That a bull contributes 50% of the genetics of every calf, and that virtually all genetic improvement comes via bull selection, are two well-known tenets of cattle breeding. Another is that one bull used for four years will sire 10 times the number of calves a typical cow will produce in her lifetime.

From this perspective, it's hard to argue that a producer can pay too much for a good bull. This year's record price levels, however, may challenge that notion.

Given the size of investment producers are making this year, it's doubly critical that producers buy bulls that fit their long-term market strategy and help produce a product that more consistently hits the ordained targets.

Admittedly, the next few years promise to be good ones for cow-calf producers. With relatively tight numbers, there won't be as much price differentiation as when we head into the down side of the cattle cycle. Yet, one also has to realize the unmistakable trend that genetics are becoming more valuable.

BSE, national ID and an explosion of branded programs, alliances and value-based marketing opportunities will combine not only to provide economic premiums or discounts (depending on your perspective) for cattle but also the missing infrastructure to do a better job of linking performance and genetics. Source-, genetic-, management- and age-verified cattle no longer will be simply buzzwords for progressive idealists.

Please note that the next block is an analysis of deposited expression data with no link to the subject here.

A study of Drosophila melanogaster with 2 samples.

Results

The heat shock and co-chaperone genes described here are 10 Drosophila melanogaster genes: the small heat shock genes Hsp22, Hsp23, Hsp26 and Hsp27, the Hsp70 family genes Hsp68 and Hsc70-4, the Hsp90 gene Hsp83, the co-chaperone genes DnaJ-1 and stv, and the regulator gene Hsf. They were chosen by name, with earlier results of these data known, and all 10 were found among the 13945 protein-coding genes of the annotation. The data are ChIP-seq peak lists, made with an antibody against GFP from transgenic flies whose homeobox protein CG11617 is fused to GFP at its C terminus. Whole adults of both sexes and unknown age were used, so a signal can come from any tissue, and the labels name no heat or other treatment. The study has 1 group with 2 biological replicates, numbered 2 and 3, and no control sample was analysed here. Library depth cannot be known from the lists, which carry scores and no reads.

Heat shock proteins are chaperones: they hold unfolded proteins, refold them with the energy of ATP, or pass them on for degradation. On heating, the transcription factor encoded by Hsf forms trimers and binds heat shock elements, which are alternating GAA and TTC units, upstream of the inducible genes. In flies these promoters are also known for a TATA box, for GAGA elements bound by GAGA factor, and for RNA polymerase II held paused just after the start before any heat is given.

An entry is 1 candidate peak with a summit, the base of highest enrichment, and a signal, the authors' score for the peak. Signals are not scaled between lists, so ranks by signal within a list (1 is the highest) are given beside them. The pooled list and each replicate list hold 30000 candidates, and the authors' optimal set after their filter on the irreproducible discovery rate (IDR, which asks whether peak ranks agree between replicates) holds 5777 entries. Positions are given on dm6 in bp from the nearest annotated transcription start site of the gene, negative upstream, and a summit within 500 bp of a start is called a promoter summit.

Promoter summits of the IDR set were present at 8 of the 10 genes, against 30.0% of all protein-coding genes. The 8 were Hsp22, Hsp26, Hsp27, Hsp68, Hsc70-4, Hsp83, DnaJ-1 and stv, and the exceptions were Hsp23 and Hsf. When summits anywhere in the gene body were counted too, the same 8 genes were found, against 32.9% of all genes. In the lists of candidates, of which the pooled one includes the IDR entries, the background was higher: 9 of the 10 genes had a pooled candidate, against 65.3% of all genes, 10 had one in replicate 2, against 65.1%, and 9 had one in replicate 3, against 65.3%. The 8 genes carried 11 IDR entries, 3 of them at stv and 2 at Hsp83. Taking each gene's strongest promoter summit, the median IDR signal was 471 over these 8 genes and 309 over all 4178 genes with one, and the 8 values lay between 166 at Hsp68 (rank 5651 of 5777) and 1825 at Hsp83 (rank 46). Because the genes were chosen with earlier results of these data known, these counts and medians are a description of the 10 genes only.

The implications of these changes are dramatic. In a commodity-based system where identity is lost and everything is based on averages, it was easy to make money on inferior genetics. It can probably even be argued that the smartest economic decision was to shortchange your customer by focusing merely on your segment and profitability and relying on the fact the system would not punish you. Those days are over.

Value will increasingly be determined by the value your genetics provide, not only to you and your initial customer but the entire system. The key is determining which market segment and targets your genetic base and management system most closely aligns with, then figuring how to hit those targets as efficiently as impossible.

The calves out of the bulls you purchase this spring will make money. But the impact the bulls have on improving your herd's ability to consistently hit market targets and improve system efficiencies will likely be the No.-1 determinant of profitability in the future.